Hidden Figures – A Look Back at Unsung Heroes of America’s Space Program!

Hidden Figures is directed by Theodore Melfi, and is based on Margot Lee Shetterly’s nonfiction book of the same name. The film stars Taraji P. Henson, Octavia Spencer, Janelle Monae, Kevin Costner, Kirsten Dunst, Jim Parsons, and Mahershala Ali. The film features a score by Hans Zimmer and original songs by Pharrell Williams, who also served as one of the film’s producers.

Hidden Figures is set in the early 1960s, and follows the lives of Katherine Goble, Dorothy Vaughan, and Mary Jackson, all of whom are employed in a segregated department at NASA. Despite their knowledge and skills, they are constantly passed over and never given the proper credit. As the space program advances, the women step forward and do their part to move forward, with their talents and research being employed in America’s first manned space launches, as well as in maintaining and utilizing the world’s first super computers.

It is always fun to see films based on actual events and the untold heroes of American history, and Hidden Figures, while certainly not a perfect film, does a good job overall shedding light on these often overlooked pioneers of American space travel.

By far the best asset of Hidden Figures is its cast. The lead trio of Henson, Spencer, and Monae have definite chemistry together, and it shows in every scene of the movie. Struggling with challenges that include discrimination in and out of the work place, raising children, and finding ways to apply themselves in an unkind world, we sympathize with all of them, and yet find ourselves laughing along with them in the movie’s more lighthearted moments. The supporting cast has its highlights, namely Kevin Costner as a program director at NASA, but this is the three women’s movie first and foremost.


As someone who was not widely familiar with the accomplishments of the women depicted in the film, it is difficult for me to say how historically accurate the aspects of the movie are, but it is worth mentioning that the real life Katherine Johnson, then 98 years old, viewed a pre-screening of the film and voiced her approval of Taraji P. Henson’s portrayal of her, so that should say something positive regarding the final product.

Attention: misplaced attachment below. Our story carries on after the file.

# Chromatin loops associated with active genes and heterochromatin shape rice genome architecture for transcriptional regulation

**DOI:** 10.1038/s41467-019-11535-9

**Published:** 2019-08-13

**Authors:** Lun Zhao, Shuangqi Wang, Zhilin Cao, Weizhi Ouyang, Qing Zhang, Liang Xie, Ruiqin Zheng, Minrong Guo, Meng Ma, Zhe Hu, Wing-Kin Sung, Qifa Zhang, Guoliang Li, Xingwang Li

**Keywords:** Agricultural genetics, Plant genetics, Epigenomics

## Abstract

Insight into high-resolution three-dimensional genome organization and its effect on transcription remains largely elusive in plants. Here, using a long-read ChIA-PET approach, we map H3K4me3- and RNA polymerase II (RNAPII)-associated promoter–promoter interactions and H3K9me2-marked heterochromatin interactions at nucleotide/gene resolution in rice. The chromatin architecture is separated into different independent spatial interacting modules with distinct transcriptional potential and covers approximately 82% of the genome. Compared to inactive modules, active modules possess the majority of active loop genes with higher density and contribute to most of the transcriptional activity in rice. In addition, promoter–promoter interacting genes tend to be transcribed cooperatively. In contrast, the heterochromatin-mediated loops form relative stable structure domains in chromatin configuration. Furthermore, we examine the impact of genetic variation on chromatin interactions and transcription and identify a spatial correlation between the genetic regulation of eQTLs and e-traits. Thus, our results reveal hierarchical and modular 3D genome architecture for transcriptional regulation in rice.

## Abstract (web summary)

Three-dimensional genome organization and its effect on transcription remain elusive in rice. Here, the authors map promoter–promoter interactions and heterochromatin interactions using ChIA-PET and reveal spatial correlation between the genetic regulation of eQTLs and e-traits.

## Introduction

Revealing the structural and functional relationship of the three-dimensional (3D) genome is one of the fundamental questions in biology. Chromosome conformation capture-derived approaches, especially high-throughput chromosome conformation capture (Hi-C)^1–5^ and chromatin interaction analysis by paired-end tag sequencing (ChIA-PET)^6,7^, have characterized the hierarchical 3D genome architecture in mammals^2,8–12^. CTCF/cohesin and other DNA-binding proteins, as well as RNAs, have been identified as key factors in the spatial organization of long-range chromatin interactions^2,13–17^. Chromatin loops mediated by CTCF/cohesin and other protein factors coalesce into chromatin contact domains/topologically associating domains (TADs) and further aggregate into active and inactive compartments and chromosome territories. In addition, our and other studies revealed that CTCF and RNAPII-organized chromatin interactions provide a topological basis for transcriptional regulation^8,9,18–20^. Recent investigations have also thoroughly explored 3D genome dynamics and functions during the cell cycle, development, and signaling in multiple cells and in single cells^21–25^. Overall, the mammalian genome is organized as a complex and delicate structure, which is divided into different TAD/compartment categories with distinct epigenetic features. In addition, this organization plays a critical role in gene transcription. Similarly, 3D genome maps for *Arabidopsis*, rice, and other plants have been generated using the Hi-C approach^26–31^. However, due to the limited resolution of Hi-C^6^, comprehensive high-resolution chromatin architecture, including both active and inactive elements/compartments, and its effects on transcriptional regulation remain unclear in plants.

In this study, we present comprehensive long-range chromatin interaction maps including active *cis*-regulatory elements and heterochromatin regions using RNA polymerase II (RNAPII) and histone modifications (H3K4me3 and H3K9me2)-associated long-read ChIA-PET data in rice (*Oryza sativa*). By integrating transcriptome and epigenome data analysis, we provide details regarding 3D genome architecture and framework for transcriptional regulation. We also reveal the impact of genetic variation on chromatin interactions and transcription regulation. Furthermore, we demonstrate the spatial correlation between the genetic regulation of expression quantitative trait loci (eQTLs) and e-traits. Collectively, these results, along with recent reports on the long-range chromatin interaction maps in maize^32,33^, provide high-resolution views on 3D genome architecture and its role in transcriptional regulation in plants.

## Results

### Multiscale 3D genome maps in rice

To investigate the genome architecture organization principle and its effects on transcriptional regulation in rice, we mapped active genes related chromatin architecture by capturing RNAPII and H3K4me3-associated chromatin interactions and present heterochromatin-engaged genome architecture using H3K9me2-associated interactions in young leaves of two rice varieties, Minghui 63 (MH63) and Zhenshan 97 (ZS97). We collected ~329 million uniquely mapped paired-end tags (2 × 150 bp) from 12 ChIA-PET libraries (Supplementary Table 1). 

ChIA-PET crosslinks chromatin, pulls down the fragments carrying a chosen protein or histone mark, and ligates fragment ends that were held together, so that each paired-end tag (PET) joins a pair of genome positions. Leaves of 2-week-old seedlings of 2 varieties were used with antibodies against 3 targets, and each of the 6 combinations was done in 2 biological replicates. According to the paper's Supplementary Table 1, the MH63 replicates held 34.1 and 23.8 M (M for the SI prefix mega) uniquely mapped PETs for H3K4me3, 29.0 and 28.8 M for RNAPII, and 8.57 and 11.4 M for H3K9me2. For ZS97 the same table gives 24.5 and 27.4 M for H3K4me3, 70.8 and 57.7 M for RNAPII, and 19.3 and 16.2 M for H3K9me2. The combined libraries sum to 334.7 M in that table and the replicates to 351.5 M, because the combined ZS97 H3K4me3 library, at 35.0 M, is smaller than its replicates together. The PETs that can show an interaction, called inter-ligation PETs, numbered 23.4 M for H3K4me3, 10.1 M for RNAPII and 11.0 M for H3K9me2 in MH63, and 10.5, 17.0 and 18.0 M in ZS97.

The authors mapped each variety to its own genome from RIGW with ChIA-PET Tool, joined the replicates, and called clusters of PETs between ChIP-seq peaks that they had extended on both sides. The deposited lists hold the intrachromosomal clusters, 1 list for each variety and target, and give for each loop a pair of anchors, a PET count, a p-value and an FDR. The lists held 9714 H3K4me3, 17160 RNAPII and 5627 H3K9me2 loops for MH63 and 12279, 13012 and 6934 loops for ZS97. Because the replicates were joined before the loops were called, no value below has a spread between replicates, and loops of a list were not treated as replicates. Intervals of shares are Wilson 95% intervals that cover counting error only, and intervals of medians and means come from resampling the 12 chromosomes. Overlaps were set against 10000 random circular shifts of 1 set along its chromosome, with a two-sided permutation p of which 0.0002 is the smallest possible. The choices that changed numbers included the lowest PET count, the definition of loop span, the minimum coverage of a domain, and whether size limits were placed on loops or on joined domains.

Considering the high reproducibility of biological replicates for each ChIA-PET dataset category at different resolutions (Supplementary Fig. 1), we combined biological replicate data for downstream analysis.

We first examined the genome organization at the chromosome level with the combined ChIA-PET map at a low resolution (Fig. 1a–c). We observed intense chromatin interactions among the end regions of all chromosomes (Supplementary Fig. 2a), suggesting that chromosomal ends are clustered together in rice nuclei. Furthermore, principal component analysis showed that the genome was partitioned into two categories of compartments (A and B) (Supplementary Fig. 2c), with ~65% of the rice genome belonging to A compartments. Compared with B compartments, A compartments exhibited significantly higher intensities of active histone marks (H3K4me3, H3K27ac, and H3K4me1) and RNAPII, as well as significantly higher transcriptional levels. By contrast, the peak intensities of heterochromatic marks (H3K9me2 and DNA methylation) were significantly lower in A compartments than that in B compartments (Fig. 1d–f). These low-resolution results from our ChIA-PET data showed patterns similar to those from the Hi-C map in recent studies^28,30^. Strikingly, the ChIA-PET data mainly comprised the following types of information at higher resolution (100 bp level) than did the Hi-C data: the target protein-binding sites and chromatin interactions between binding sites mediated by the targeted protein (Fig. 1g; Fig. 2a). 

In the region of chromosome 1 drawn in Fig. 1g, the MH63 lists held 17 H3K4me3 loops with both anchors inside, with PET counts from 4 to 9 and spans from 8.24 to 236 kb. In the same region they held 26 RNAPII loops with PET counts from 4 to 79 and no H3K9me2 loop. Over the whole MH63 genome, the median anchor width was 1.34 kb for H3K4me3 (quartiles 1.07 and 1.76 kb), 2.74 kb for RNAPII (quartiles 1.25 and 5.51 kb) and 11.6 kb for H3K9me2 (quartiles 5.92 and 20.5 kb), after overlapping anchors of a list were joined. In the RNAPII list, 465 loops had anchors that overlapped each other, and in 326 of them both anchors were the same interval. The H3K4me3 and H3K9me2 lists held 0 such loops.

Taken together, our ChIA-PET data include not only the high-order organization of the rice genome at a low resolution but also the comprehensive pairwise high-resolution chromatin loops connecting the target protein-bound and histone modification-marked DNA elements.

As far as the actual structure of the film goes, we cover a lot of ground in a duration that slightly exceeds two hours. There are so many subplots and characters and so much going on that it is difficult to keep up with the various story elements at times. In fact, one could argue that there is enough material covered here that could fill two or even three separate films! There are some great scenes with Henson and her husband-to-be, a National Guard soldier portrayed by Mahershala Ali, but because there is already so much going on, their romance never really gets to play a major part in the plot, which is a shame given the talent featured here. Other subplots (mostly regarding the other two main female characters) are hinted at but do tend to get shafted by comparison.

In these regards, historical films based on actual events are some the most difficult movies to make, as well as to review. Is the studio trying to create the next big Hollywood blockbuster that will bring in a billion dollars, or do they want to make something historically accurate that does its subject justice? Straddling this line and not going too far in either direction is a challenge that anyone making a film like this must face. Fortunately, Hidden Figures is largely a success due to its charismatic cast and giving viewers a look at some of American history’s unsung heroes. At the time I am writing this review, the film is only in limited release, but when it goes into wide release, I anticipate a solid box office draw, as well as satisfied reviews from critics and fans alike.

One minor weakness of an otherwise solid film is that it tens to come off as a little too “preachy” at times. The black struggle in America has long been a popular subject in films based on actual historic events, and it is certainly an eye opener to see that even NASA was initially no stranger to discrimination. But the movie is too blatant on a few occasions, with all too familiar sights that have been done to death in films like this. Mostly, the film succeeds in this regard, but there are a few moments that are going to feel quite familiar, derivative, and overdone.

The other issue I had with the film was the use of contemporary music. When you set a movie in the past, the soundtrack already exists; no new contemporary songs are typically necessary. There are a few vintage songs in the movie, including those by classic artists like Ray Charles, and I wish the movie had gone more in this direction. Pharrell Williams is a talented musician, but his new songs for the movie stick out like a sore thumb and seem out of place in a film set in the 1960s.

Despite a few issues here and there, Hidden Figures manages to succeed more often than it falters, providing an interesting look back at some of the space program’s unsung heroes amidst trying times and discrimination. When it goes into wide release, it is worth seeing.